New chippery all around, from tiny Atom to big bad Xeon E7


The story that Intel is telling is one we have heard time and time again: how the proliferation of network-connected devices of all kinds, from Coke machines to smartphones to tablets, is driving massive amounts of telemetry and application data across the internet and forcing companies to build more and bigger data centers.

Intel wants everyone to know that it has another rev of chip tech coming along to help deal with these ever-expanding data center workloads. And more importantly perhaps, that the cost of systems and storage has fallen so much in the past decade and big data–munching software has evolved so much over that time, that you can technically and economically think about doing something useful with data you would have otherwise had to ignore.

That's the sales pitch from 30,000 feet. But what everyone wants to know is what new chips are coming, what new features they will have, and when we can expect them.

The data that Intel is providing about those burning questions is a bit thin, but with IBM rolling out its Power7+ chips, Oracle launching its Sparc T5 and M5 chips, and Fujitsu getting its Sparc64-X chips out the door, Intel has to say something. And there is that ARM collective that is clamoring like barbarians at the gates, as well.

Intel's marketing machine knows that it has to stay in the conversation, but not say so much that it messes up sales for the next couple of quarters.

As it turns out, every part of the Intel server chip line is going to get a refresh this year. So says Lisa Graff, VP of marketing in the Datacenter and Connected Systems Group, who walked us through the presentation foils.

This chart shows the current Atom and Xeon processors on top, with their basic feeds and speeds, plus the code names of the updated chips we can expect from Intel in 2013:

Intel is going to refresh the entire range of server chips this year

Intel is going to refresh the entire range of server chips this year

There will be not one, not two, but three different Atom S Series chips this year, plus a "Haswell" rev on the Xeon E3 processor. Both are aimed at microservers for the most part, with the Xeon E3 also being used in entry-level tower and rack boxes as well as workstations.

The workhorse Xeon E5 gets an "Ivy Bridge-EP" ramp this year, and after skipping over "Sandy Bridge-EX" in an effort to get everything back on the same schedule – more or less – Intel will jump from the "Westmere-EX" Xeon E7 processors from three years ago to a new draft horse "Ivy Bridge-EX" for four-socket and eight-socket boxes.

Intel will roll out three Atom chips in 2013, one for servers, one for storage, and one for network gear

Intel will roll out three Atom chips in 2013, one for servers, one for storage, and one for network gear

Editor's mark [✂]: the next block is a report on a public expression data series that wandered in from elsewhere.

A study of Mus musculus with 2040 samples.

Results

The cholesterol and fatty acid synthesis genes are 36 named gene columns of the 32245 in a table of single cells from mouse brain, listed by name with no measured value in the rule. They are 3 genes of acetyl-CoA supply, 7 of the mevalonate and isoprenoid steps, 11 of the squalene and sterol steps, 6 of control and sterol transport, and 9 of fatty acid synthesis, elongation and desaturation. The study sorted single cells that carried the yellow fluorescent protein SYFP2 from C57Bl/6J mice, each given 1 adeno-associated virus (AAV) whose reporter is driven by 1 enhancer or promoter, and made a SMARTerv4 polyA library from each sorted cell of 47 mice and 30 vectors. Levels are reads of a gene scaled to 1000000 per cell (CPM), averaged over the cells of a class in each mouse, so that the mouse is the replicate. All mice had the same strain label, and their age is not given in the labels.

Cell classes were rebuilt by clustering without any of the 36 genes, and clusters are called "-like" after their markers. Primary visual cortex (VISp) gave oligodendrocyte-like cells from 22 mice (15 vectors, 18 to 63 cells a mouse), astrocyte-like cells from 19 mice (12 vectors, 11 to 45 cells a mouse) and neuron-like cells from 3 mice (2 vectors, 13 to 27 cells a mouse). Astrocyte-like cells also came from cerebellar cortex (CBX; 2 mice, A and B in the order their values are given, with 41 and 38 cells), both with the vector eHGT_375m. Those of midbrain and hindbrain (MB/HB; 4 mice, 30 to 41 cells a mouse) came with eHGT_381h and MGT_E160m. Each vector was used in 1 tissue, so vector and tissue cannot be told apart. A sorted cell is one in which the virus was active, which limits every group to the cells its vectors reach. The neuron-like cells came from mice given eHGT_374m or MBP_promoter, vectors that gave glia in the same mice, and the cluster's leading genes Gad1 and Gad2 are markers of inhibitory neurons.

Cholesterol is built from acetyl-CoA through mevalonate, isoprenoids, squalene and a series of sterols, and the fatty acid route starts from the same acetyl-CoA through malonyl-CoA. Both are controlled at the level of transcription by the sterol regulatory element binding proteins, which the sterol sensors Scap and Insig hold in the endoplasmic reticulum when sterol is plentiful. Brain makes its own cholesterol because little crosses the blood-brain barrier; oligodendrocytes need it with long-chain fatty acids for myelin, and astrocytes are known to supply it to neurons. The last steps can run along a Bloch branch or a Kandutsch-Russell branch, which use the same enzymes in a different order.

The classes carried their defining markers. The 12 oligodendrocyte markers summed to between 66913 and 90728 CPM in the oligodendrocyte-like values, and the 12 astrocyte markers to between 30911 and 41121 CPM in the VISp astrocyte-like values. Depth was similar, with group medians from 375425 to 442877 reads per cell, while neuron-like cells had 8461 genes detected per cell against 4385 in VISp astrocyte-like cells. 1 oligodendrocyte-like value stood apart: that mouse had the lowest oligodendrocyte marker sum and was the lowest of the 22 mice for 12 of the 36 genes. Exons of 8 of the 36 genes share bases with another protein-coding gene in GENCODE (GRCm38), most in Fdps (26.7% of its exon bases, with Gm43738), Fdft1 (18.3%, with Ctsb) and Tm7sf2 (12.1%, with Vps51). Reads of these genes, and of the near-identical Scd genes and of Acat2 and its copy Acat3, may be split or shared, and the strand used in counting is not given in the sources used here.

Intel already talked a bit on Monday about the future "Avoton" Atom S Series server chip at HP's launch of its Project Moonshot hyperscale servers. Those machines are based on the current dual-core "Centerton" Atom S1260 processor, which runs at 2GHz and which has 128KB of L1 cache, 1MB Of L2 cache, an integrated PCI-Express 2.0 controller, and a DDR3 memory controller.

With Avoton, as El Reg revealed last year, Intel is moving the Atom S Series to its 22-nanometer TriGate process, a big shrink over the current 32nm processes used for the Centerton, and is adding an Ethernet controller to the chip. And as Intel confirmed on Monday it is also shifting to a new "Silvermont" microarchitecture.

Not much is known about Silvermont, but the expectation is that Intel will move to a point-to-point interconnect, like the QuickPath Interconnect (QPI) used in Xeon and Itanium server chips, and away from the old frontside bus architecture that is still used on Atoms and on all Intel server chips before 2009, when the "Nehalem" architecture came out with the Xeons.

According to information published at Tom's Hardware from information leaked from a source in China, there will be variants of the Silvermont Atoms with 1, 2, or 4 cores running at between 1.2GHz and 2.4GHz.

The Silvermont design will not only have double the cores of the Centerton Atoms, but will also have double the L2 cache; it will however be stuck at a maximum of 8GB of memory. This data relates to the tablet and smartphone variants of the Silvermont designs, but if you look closely, you can see the integrated Gigabit Ethernet interface that has been promised with the Avoton chips.

Hopefully for the Avoton server variant, Intel will be able to deactivate the integrated Generation 7 GPU on the die. And hopefully the graphics unit can be used as an adjunct processor like other GPUs can be, although Intel has not done this with other Atom or Xeon E3 processors to date.

"Avoton parts are out and running," says Graff, and will be available in the second half of 2013.